As the exchange traded fund (ETF) industry grows, new and increasingly more esoteric product types are appearing. Do they have a place in your portfolio? A few experts weighed in on the topic during a webcast earlier this month.
David Hoffman and Evan Cooper for Investment News report on how certain industry insiders feel about non-traditional ETFs in portfolios. The excellent and informative full webcast can be viewed in Investment News’s archives.
On leveraged and inverse ETFs in general:
John Carr of Carr Schwartz Butterfield: The leveraged funds are on the radar of FINRA, the SEC and many states, so advisors are required to document the performance of the ETF, and prove how the funds are helping out a client’s portfolio. It is up to the advisor to prove why the ETF is suitable and necessary for their clients.
Kathleen Moriarty of Katten Muchin Rosenman: I would really encourage potential investors to at least read the summary portions of the prospectus, because in all of the leveraged and ETF prospectuses now, they give actual examples, either in the front part of the prospectus or in the back, of how the mechanism works. Half of the problem comes from people not understanding how the investment works.
On these ETFs and whether their performance meets expectations:
Paul Schatz, president and CEO of Heritage Capital: For the most part, yes. However, if you really dial down to the double- and triple-leveraged funds, both the long and the shorts got hammered last year because of the compounding effect.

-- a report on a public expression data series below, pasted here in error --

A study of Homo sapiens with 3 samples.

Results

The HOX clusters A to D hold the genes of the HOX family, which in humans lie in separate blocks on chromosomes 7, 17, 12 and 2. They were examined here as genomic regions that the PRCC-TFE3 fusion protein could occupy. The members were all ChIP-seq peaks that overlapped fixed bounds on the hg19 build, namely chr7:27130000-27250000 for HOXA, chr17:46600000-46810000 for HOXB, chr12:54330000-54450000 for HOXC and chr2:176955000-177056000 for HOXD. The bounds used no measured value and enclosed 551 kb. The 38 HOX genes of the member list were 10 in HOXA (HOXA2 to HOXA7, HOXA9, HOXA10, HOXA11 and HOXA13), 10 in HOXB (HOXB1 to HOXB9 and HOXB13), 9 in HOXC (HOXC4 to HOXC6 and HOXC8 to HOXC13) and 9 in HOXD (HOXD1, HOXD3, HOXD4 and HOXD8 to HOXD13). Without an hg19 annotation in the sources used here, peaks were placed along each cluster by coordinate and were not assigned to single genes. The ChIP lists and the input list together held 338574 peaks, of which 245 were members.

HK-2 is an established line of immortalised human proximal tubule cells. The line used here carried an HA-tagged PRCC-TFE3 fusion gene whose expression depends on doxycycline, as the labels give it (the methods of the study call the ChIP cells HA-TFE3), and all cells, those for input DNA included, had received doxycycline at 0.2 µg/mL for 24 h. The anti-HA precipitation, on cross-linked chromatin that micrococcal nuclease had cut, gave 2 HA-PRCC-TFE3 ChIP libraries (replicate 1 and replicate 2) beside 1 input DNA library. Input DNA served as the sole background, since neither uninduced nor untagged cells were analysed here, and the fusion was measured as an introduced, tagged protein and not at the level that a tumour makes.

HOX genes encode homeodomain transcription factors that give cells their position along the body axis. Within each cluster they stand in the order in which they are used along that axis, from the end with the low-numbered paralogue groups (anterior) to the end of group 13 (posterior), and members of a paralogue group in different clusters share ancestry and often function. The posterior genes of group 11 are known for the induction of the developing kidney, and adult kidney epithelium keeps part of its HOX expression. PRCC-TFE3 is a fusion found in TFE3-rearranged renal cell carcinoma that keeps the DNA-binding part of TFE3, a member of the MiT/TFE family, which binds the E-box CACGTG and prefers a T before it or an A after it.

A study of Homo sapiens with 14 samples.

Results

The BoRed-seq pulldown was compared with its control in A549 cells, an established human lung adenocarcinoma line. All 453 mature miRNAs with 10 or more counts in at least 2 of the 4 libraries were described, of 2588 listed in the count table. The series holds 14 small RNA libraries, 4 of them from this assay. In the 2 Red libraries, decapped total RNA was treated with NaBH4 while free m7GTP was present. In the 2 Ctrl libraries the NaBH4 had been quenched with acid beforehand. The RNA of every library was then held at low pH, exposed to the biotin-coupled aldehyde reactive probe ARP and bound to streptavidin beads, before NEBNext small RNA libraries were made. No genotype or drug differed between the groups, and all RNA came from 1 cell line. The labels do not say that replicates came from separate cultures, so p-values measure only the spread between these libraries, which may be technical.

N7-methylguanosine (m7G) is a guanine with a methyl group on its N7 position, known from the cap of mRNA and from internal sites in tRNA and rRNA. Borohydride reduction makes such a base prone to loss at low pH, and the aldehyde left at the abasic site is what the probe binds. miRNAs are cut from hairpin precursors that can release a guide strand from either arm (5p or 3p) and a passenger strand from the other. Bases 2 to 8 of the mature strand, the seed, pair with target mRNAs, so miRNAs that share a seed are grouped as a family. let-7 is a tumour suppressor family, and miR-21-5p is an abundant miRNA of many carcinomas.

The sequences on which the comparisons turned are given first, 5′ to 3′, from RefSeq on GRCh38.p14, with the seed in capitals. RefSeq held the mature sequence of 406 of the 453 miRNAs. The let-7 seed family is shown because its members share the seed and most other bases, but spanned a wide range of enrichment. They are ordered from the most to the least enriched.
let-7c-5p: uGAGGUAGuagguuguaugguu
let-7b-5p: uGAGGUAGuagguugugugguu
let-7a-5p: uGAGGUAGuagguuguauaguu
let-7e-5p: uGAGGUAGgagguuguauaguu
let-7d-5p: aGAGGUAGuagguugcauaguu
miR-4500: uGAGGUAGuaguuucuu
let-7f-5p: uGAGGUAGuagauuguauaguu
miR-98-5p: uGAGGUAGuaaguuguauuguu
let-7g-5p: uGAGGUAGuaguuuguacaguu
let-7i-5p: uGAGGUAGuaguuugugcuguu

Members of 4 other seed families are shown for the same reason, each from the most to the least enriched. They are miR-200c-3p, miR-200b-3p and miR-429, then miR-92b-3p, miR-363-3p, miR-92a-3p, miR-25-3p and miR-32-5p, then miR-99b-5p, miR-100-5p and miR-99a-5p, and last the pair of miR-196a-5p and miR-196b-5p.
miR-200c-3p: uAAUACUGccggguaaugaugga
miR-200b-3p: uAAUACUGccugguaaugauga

Paul Simon, chief investment officer at Tactical Allocation Group: When you’re going to a two- or three-X, whether it’s an inverse or a leveraged situation with one of these ETFs, they’re inherently going to be more volatile. But in a situation like the last 18 months, where volatility was unprecedented, its a bad mix. It’s the main reason to do your homework, and to be careful. (Do leveraged ETFs actually belong in your portfolio?)
On active ETFs:
Ms. Moriarty: There is no true active ETF yet. And in order to understand this, you need to know a three-second background on how the ETFs started. Basically, the ETFs are very odd kind of mutual fund. The real Holy Grail is to do a non-disclosed actively managed fund. And there are about six different ideas of how to do this. They have been down at the SEC pending review for about two to three years, and I don’t know how much longer that’s going to take. (Will the demad for active management in ETFs grow to mainstream?)
The opinions and forecasts expressed herein are solely those of Tom Lydon, and may not actually come to pass. Information on this site should not be used or construed as an offer to sell, a solicitation of an offer to buy, or a recommendation for any product.